Each Memorial Day we honor those who were willing to sacrifice full measure in service to our nation. It is a day set aside so that in the midst of our busy, hectic lives we will pause and be reminded that the freedoms we enjoy were won with courage, tears and blood. Remembering this reality is important. Honoring its true meaning is of greater significance.

In a deeper sense Memorial Day represents a pact between the past and the future. As citizens of the United States of America, all that we have was obtained and has been defended at a very high cost. However, the story would be incomplete if it were allowed to end with that single reflection. 

Vigilance, bravery, and perseverance are not hallowed ideas of bygone years. They should not and cannot be confined to the mists of collective memory. These are words of action; concepts of the present; and principles that speak of protecting the future.

It is not enough to remember and praise those who faced the fury when freedom and liberty were perceived to have been hanging in the balance. Knowing they have fallen and knowing the cause for which they risked their lives; it is left to us to take up the banners they carried. That task is our responsibility and accepting that task is how we honor their memory. 

The sacred pact we renew with our remembrance is in recognizing that time is an artificial barrier. Freedom and liberty is never secured. They are endangered every decade, every lifetime, and every era. There has never been a period; not an hour or minute, when it could accurately have been said: “They are not being threatened right now.”

The danger facing us “right now” is always the most fearsome. The obstacles in our way “right now” are always the most daunting. All that’s at stake “right now” is always of the greatest value. This is so because “right now” the outcome is in doubt; there are no foregone conclusions and total defeat is a possibility.

Through the eyes of those who stormed the beaches of Normandy and those whose planes took-off from aircraft carrier decks in the Battle of Midway, the risk was a “right now” answer to a “right now” threat.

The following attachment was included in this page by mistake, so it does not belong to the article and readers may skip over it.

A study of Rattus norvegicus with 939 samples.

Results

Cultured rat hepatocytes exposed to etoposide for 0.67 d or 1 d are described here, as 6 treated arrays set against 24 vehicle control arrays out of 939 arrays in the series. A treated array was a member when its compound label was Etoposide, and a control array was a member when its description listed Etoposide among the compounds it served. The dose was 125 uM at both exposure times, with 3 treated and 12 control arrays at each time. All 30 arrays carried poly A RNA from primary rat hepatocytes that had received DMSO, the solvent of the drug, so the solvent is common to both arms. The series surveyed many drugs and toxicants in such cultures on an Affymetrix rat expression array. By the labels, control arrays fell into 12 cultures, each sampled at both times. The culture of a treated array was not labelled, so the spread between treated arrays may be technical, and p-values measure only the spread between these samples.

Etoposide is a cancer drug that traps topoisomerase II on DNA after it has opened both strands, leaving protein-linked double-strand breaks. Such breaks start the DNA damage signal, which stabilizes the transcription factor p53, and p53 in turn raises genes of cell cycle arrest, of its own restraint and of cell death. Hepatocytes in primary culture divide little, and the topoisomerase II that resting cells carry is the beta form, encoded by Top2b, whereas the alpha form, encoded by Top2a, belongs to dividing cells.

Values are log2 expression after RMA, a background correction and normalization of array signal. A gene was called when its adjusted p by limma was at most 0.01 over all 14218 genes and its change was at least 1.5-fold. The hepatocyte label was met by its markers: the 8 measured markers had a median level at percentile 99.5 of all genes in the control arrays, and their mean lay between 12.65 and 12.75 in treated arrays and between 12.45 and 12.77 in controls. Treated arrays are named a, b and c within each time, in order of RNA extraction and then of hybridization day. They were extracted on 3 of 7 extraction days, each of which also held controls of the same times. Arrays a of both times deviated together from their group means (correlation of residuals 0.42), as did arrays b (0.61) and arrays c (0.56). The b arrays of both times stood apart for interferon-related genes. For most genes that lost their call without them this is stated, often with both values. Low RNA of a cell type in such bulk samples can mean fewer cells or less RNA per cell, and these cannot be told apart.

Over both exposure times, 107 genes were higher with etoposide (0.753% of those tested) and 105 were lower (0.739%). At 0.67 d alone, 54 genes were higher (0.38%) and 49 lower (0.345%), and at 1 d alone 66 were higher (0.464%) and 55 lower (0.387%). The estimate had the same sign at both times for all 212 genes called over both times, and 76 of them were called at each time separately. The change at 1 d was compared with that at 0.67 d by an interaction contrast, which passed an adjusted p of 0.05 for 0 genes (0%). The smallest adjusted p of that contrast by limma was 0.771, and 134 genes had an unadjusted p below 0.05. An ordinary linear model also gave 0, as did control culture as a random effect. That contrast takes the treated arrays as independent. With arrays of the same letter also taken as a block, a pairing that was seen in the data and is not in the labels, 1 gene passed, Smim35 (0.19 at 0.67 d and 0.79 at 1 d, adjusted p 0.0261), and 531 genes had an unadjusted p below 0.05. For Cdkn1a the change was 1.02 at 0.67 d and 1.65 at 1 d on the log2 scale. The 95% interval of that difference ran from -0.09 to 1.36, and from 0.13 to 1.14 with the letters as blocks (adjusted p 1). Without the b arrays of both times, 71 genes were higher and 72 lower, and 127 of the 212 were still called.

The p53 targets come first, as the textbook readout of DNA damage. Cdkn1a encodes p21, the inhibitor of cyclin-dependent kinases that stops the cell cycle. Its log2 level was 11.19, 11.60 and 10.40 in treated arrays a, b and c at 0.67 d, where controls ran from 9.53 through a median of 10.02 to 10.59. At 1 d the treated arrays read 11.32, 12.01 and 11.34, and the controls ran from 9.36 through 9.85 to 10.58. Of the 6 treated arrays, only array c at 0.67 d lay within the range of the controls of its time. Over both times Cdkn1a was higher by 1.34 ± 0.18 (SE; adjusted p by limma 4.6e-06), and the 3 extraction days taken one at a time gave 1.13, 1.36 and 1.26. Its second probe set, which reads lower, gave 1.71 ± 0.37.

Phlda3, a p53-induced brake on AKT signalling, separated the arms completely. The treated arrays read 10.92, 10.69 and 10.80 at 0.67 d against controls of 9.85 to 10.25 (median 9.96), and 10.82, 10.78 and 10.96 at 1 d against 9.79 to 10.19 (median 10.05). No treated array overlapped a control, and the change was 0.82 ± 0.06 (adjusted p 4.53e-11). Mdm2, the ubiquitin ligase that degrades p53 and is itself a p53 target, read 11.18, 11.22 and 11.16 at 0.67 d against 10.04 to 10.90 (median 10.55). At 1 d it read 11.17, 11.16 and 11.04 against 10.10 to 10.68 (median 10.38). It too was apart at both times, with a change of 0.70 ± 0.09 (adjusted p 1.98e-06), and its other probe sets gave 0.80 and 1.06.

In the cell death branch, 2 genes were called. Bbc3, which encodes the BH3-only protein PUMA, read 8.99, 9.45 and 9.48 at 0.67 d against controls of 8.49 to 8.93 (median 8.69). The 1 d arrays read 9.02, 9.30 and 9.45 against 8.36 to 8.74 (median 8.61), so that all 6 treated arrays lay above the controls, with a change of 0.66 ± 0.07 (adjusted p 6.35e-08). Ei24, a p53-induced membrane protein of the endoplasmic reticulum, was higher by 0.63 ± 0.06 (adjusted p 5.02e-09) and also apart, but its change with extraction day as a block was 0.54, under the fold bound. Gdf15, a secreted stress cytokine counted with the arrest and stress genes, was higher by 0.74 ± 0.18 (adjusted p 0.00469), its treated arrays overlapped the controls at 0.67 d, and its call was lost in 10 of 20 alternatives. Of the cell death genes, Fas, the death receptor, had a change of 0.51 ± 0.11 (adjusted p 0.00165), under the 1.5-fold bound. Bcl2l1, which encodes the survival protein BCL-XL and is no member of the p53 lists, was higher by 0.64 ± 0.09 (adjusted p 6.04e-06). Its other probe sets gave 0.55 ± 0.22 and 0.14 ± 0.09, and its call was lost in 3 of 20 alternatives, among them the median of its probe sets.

Whether the soldiers were those in the Argonne Forest of 1918 or those in Afghanistan 90 years later, their fight was a “right now” struggle; their willingness to make the ultimate sacrifice a “right now” choice. At Pusan, Korea in early 1950s, near Da Nang, Vietnam in 1967 and in Iraq in 2003, to the American forces in harm’s way, it was a “right now” situation, fraught with “right now” dangers.

It does not matter whether history judges the war, battle or police action as necessary or unnecessary, vital or unjustified. In the end what counts is that the price they paid was given on our nation’s behalf. And in the end, our nation is nothing less than our people and their ideals, history, all that has passed and the lives of those who have passed can seem cold, distant, and lifeless. 

Yet, all who perceive it as such miss its key element. For the fabric of the present has been woven with the thread of history. 

A portion of this thread is symbolized by the Memorial Day flags at the gravesites of the men and women who put their lives on the line when facing their “right now” moments of peril.

Their lives are what we celebrate, their sacrifice is what we remember and their purpose is what we treasure “right now” and will treasure in the years to come.

Jack Spencer is Capitol Affairs Specialist for Capitol Confidential, an online newsletter associated with the Mackinac Center for Public Policy (MCPP). MCPP provides policy analysis. The political analysis represented in this column does not necessarily reflect the views of the Mackinac Center.